Joe Biden’s candor is both a good and bad thing, as it is for most people on the upper end of the speak-your-mind scale. For Biden, it’s bad in the sense that it’s led fewer people to take him seriously in his current job and in any presidential bid he might make. That 2009 on-camera crack about the passage of health care reform being “a big f***ing deal” may be his best known verbal spurt, albeit one he meant to be private. The good side of having a very permeable verbal filter is that you can cut through the fog and get to the truth. In that sense, Biden’s emergency trip to Warsaw and meetings with the leaders of jittery Eastern European nations is a good pairing of man and mission.
Biden was in Warsaw on Tuesday, of course, to underscore the American commitment to its NATO allies following Russia’s power grab in Ukraine. By jetting in on Air Force Two, Biden reassures the Eurofearful that Washington will abide by NATO’s commitment to aid any member that’s attacked--just as NATO did for the U.S. after 9/11. There is surely behind-the-scenes haggling between Biden and the Polish and Baltic leaders over how much backup to provide now. Repositioning a few jets so that they’re closer to menacing Moscow is all that’s been done so far. The allies will no doubt ask Washington to revisit the deployment of anti-missile systems that were scuttled in 2009 to the consternation of Warsaw and the Czech Republic. Most of what needs to be done is hand holding, a reassurance that the “Article 5” commitment of NATO is sacrosanct. Russia is unlikely--one prays--to grab Balkan or Polish territory even if a Russian assertion of authority in eastern Ukraine seems more likely than inconceivable. But such a mission is less about defending Warsaw and more about keeping Russia from going farther into Ukraine. (Poland shares a 332 mile border with Ukraine.)
Biden’s first day in the region seemed to go well. Beneath a Polish flag and the banner of Solidarity--the Cold War era trade union movement that helped bring down the Iron Curtain--the vice president sounded all of the right notes: “As we proceed, Mr. President, I want to make it unmistakingly clear to you and to all our allies in the region that our commitment to mutual self-defense under Article 5 of NATO remains ironclad. It is not in question. It is ironclad.”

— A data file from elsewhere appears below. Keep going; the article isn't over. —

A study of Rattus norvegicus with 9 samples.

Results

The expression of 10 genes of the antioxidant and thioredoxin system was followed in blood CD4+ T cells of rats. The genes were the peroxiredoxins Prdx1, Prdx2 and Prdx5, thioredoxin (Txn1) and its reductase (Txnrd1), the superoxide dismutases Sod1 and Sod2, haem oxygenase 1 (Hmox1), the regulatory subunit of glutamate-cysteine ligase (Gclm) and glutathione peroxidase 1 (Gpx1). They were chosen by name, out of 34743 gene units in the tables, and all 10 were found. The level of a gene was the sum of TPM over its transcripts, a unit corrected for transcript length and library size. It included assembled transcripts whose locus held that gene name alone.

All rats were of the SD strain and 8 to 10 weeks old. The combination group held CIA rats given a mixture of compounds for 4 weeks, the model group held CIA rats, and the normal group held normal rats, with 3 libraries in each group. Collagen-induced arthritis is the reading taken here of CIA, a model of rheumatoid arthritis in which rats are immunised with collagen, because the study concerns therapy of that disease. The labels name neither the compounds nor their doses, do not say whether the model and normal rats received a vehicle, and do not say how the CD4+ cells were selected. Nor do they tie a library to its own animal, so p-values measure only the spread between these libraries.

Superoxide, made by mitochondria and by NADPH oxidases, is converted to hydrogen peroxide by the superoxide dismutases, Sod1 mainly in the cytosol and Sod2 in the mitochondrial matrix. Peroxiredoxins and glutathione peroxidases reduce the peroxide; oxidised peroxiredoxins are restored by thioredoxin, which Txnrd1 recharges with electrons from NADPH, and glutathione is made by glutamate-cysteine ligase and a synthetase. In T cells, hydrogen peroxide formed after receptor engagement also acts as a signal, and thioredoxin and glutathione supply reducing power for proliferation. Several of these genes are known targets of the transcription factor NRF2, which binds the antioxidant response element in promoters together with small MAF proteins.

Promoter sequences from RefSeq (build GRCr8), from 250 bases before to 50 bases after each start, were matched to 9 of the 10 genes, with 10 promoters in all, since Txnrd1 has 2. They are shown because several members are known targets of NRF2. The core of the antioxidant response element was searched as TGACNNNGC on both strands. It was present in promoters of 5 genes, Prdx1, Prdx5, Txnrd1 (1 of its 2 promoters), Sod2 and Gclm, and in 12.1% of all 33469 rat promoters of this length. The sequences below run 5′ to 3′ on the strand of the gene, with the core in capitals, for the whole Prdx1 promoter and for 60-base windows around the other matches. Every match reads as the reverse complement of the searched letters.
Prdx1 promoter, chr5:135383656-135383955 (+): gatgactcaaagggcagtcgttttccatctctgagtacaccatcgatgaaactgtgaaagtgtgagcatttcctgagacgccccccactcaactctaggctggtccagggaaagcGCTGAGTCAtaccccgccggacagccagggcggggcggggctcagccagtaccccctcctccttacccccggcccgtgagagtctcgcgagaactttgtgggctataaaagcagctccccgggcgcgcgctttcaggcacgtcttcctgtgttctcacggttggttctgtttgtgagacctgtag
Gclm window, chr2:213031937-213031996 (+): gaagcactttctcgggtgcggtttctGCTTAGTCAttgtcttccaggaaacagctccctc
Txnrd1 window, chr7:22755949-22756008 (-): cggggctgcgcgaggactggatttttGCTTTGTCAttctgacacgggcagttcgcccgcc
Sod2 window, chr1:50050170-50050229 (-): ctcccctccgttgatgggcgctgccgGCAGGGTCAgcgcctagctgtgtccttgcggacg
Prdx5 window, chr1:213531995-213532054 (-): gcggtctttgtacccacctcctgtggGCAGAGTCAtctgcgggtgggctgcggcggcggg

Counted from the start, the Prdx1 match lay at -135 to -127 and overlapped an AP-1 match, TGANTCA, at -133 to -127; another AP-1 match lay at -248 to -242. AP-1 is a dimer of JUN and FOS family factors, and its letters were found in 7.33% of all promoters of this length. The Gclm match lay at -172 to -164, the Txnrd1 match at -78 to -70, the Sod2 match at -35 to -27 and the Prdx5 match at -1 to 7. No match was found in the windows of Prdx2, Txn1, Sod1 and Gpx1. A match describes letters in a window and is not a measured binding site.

Americans may think of Biden as a genial uncle or a fool, as he’s depicted on Saturday Night Live, but in Eastern Europe he has more clout. He was a hawk on the Balkans during the 1990's when he chaired the Senate Foreign Relations Committee--something which won applause in much of Europe and enmity in Moscow. He also pressed for NATO expansion--a controversial move then and now but one which is undeniably bringing great relief in Warsaw and in Estonia, Latvia and Lithuania. It’s a point Biden couldn’t resist making in Warsaw on Tuesday.
There’ll be lots of debate about how the Ukraine crisis came to be and whether the U.S. could have done anything to prevent it. Conservatives have tried to pin Putin’s landgrab on Obama--charging that his performance in Benghazi or ambivalence about a “red line” for chemical weapons in Syria and so on gave Putin, if not a green light, then a yellow one. Those things surely didn’t help, although it’s hard to imagine that the U.S. ever could have stopped Putin once his man was ousted from Kiev.
You can question Biden’s judgment, his role in Obama’s foreign policy, and how it may or may not have gotten us to this place. But however the world got here, a NATO-expanding, blunt, even intemperate veep seems better suited to the moment than a dispassionate president whose public warnings and private phone calls have gone unheeded by the Kremlin, even if they’ve rallied G-7 leaders. So far Biden’s remarks on his trip have been tempered. In the coming days, they probably won’t be and in the age of Putinism, that makes sense. The time for niceties is over.